Your delinquent owner failed to pay assessments, so KSN secured an Order for Possession and Judgment for the past due assessments. Step one completed. You secured a renter to recoup lost assessment revenue. Step two completed. Everything moves along nicely with the solution you have implemented. Then, the renter stops paying his rent. What are your options? In these hard economic times, association assessment lawsuits aren’t the only eviction actions Boards need to be familiar with: tenant evictions are on the rise and becoming more and more prevalent within associations.

Most Boards and managers are aware of the requirements for an eviction lawsuit for past due assessments that allows them to secure possession of the unit and rent it out. If that renter stops paying rent though, most Boards are at a loss, entering foreign territory with landlord/tenant evictions.

No need to fret: KSN has been representing landlords for years, right along with associations, and our attorneys are well-versed in landlord/tenant evictions. The differences from assessment evictions seem simple, but are actually quite technical and cannot be ignored.

First, rather than a 30 Day Notice, the association, or our office, will issue a Landlord’s 5 Day Notice (unless another timeframe is specified in the Lease) for the unpaid rent. One important difference between the notices is that a Landlord’s Notice must be served personally on the tenant or another resident over 13 years of age: it cannot be sent certified mail or posted on the door unless the tenant appears to have abandoned the unit.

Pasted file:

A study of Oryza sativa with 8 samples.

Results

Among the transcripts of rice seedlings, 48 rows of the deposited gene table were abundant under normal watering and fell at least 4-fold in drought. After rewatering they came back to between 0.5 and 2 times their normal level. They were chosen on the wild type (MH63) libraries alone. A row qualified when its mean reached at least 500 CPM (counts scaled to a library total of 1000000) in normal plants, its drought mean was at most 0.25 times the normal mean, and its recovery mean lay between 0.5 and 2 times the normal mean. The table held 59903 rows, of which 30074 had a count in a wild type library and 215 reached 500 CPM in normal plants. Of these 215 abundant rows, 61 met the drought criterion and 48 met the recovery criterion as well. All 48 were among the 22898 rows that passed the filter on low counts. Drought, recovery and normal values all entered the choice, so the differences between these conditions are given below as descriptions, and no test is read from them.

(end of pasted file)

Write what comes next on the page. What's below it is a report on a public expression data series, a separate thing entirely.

We then file a similar lawsuit, but when the Order for Possession enters, the association will not need to wait 60 days. In landlord/tenant evictions, most judges only stay these orders for possession 7-14 days, allowing the association to quickly regain possession of the unit and put a paying renter in.

As a Board, you need to protect the interests of your paying homeowners by taking quick action to recoup unpaid assessments. Illinois law is unique in allowing an association to take possession of a unit and collect rent from a tenant for that purpose and KSN can help you swiftly remove non-paying tenants and get your books back in the black.

Originally published in the KSN Law Newsletter Q4 2012.


Since 1983, KSN has been a legal resource for condominium, homeowner, and townhome associations. Additionally, we represent clients in real estate transactions, collectionslandlord/tenant issues, and property tax appeals. We represent thousands of clients and community associations throughout the US with offices in several states including Florida, Illinois, Indiana, and Wisconsin.